From masks, letters and test kits to ventilators and grocery lists, museums across the world are collecting coronavirus artefacts to give future generations a glimpse of how the crisis affected people
Masks at factory in Shanghai (Reuters Image)
How will future generations know what coronavirus meant for the world? Perhaps it is this question that has made museums collect artefacts reflecting the pandemic and the virus as official records for future generations.
Take, for instance, Washington DC’s Smithsonian, collectively called the Smithsonian Institution. Its curators are working on a project that would keep a record of the pandemic. This includes collecting personal protective gear, test kits, letters from patients, ventilators and grocery lists. The Smithsonian has also launched a new storytelling initiative called Moments of Resilience, where they will hear stories of how communities are supporting each other during this time.
The Anacostia Community Museum in Anacostia, Washington, DC, is one of the 20 museums under the umbrella of the Smithsonian Institution and was the first federally funded community museum in the US. It collects documents of urban communities relating to lives of urban residents, from home life and everyday activities to community-building efforts of artists, activists and others. The holdings reflect a tremendous diversity of experiences, perspectives and achievements in the Washington, DC, metropolitan area and other cities across the US.
In a recent podcast, Melanie Adams, director, Anacostia Community Museum, explains how the new normal is preventing her from engaging in everyday activities. “The word ‘community’ is more important than ever, as individuals are finding support from their communities. These communities could be your family, friends, religious institutions, school or local barber shop or hair salon. The museum’s mission is to amplify the collective power of the community and comfort each other in this time of need. We want to hear the stories of how community members are supporting each other on a day-to-day basis. Some stories will be shared on our social media channels, while others may become part of the museum’s collection,” Adams said.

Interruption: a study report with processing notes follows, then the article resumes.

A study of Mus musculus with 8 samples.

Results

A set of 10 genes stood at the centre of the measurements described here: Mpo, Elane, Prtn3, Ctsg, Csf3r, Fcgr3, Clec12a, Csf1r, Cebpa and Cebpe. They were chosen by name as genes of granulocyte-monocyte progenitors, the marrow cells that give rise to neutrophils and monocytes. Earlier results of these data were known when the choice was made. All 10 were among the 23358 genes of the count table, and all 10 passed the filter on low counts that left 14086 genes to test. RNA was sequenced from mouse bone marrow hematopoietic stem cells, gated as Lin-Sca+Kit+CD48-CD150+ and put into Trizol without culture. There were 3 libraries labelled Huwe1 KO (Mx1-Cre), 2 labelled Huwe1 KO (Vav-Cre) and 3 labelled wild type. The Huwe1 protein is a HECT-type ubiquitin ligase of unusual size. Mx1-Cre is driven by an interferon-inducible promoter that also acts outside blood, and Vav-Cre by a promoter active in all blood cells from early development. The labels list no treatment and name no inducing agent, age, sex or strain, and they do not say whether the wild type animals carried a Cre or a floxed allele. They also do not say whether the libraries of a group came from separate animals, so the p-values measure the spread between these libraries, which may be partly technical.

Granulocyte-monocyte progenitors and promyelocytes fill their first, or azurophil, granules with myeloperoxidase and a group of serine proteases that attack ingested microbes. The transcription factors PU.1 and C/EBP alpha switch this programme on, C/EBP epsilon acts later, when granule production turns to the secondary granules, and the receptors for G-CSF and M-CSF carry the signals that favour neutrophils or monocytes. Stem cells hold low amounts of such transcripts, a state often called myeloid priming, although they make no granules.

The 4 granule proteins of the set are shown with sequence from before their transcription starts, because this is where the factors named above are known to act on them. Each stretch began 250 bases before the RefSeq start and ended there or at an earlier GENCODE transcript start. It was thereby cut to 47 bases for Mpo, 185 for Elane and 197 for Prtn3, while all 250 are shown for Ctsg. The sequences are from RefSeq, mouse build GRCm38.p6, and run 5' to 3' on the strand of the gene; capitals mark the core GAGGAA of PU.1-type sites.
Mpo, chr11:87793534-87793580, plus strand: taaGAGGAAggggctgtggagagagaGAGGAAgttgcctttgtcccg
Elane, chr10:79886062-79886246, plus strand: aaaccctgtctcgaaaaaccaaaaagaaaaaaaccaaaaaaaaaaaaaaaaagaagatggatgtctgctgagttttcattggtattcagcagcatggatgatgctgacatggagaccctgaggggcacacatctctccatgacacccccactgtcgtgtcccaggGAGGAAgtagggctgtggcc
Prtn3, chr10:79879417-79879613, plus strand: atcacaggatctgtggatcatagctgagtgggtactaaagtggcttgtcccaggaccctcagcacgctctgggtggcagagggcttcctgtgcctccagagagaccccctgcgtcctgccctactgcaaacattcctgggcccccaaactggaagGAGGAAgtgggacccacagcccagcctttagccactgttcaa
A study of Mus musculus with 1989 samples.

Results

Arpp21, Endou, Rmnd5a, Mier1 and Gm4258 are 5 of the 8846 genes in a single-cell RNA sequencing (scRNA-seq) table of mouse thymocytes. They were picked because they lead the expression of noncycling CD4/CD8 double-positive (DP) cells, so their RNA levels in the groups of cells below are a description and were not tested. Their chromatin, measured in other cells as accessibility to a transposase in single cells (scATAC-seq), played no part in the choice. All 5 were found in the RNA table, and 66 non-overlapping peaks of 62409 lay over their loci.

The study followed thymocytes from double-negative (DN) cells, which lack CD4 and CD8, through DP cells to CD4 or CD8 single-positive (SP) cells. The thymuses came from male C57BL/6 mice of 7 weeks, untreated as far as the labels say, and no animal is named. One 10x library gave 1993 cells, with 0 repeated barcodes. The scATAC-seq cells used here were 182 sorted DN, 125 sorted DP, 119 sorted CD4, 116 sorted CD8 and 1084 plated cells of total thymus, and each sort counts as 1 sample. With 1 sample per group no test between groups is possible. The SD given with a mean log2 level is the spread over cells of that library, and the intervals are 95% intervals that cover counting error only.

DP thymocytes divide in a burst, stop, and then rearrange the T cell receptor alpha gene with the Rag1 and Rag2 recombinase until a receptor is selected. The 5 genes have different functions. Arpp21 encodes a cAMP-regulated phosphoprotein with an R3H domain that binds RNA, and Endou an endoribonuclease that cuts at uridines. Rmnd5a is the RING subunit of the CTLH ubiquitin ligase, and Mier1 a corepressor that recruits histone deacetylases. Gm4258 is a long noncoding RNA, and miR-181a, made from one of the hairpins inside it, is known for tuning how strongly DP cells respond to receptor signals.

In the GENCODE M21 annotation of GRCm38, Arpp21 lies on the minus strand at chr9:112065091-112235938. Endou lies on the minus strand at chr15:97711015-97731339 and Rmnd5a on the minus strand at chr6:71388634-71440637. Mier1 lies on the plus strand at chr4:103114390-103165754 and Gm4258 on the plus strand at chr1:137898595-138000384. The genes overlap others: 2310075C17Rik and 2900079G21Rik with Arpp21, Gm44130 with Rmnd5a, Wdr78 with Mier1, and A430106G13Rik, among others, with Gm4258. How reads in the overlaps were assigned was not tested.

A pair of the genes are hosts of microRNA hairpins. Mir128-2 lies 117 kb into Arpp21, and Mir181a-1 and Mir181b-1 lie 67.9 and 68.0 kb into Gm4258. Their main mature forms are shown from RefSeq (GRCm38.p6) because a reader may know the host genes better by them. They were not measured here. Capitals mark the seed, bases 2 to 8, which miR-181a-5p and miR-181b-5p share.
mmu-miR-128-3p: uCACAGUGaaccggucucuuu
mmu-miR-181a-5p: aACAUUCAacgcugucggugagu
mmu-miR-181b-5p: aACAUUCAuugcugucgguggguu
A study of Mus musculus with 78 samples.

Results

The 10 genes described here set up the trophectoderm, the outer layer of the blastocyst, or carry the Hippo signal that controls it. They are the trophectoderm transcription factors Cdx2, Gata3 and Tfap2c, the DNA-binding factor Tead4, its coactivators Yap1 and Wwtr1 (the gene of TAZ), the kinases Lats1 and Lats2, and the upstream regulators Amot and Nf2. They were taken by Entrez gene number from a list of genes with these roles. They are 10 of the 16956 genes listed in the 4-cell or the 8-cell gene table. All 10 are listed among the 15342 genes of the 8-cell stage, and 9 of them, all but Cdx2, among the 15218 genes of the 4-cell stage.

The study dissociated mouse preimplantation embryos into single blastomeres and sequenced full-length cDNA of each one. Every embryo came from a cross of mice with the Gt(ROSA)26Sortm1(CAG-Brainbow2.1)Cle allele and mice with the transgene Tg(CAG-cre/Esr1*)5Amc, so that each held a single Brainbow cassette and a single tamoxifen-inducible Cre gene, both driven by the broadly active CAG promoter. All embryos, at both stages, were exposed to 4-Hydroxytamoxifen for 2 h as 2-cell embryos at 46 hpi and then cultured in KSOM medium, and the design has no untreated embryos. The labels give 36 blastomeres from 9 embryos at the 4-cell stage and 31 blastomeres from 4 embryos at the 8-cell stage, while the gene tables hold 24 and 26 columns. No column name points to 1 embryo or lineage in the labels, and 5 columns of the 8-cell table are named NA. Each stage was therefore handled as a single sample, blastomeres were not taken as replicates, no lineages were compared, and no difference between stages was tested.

Throughout its 53-year history, the Anacostia Community Museum has focussed on telling stories of individuals and events of the Washington, DC, region left out of the history books, with stories of conflict resilience and, most importantly, community action that led to a better future for all.
Then curators at the National Museum of African American History and Culture, a Smithsonian Institution museum located in Washington, DC, are collecting objects that tell the stories of black Americans during the pandemic. For the pilot programme, they have asked residents of Baltimore, Chicago, Denver and New Orleans to upload oral histories, images and short videos on an online platform.
The Wien Museum (the Vienna Museum) in Austria has also launched an appeal to collect references to objects that tell of the changed private or professional lives in the times of corona. Over 1,800 photos of masks, signs and other objects have already been received by the Vienna Museum.
London’s Victoria and Albert Museum has also started a project called Pandemic Objects. It’s an editorial project that compiles and reflects on objects that have taken on new meaning and purpose during the coronavirus outbreak. During times of a pandemic, a host of everyday often-overlooked ‘objects’ (in the widest possible sense of the term) are suddenly charged with new urgency. Toilet paper becomes a symbol of public panic, a forehead thermometer a tool for social control, convention centres become hospitals, while parks become contested public commodities. By compiling these objects and reflecting on their changing purpose and meaning, this space aims to paint a unique picture of the pandemic and the pivotal role objects play within it.
At the Historical Museum of Urahoro in Hokkaido, northern Japan, curator Makoto Mochida showcases a list of food items, directions for attending a funeral, a note to cancel summer celebrations, as well as everyday objects of life in the pandemic.
Germany’s Cologne City Museum, too, aims to collect as many objects as possible to give future generations a glimpse of how the pandemic affected people.
According to The New York Times, the National Museum of Finland has enlisted its curators and researchers to keep tabs on the pandemic in hopes of launching future exhibitions on the health crisis. Moreover, institutions in Denmark, Slovenia and Switzerland have already launched their own methods to preserve information such as requesting memoirs of citizens and acquiring physical objects that touch on different aspects of the outbreak.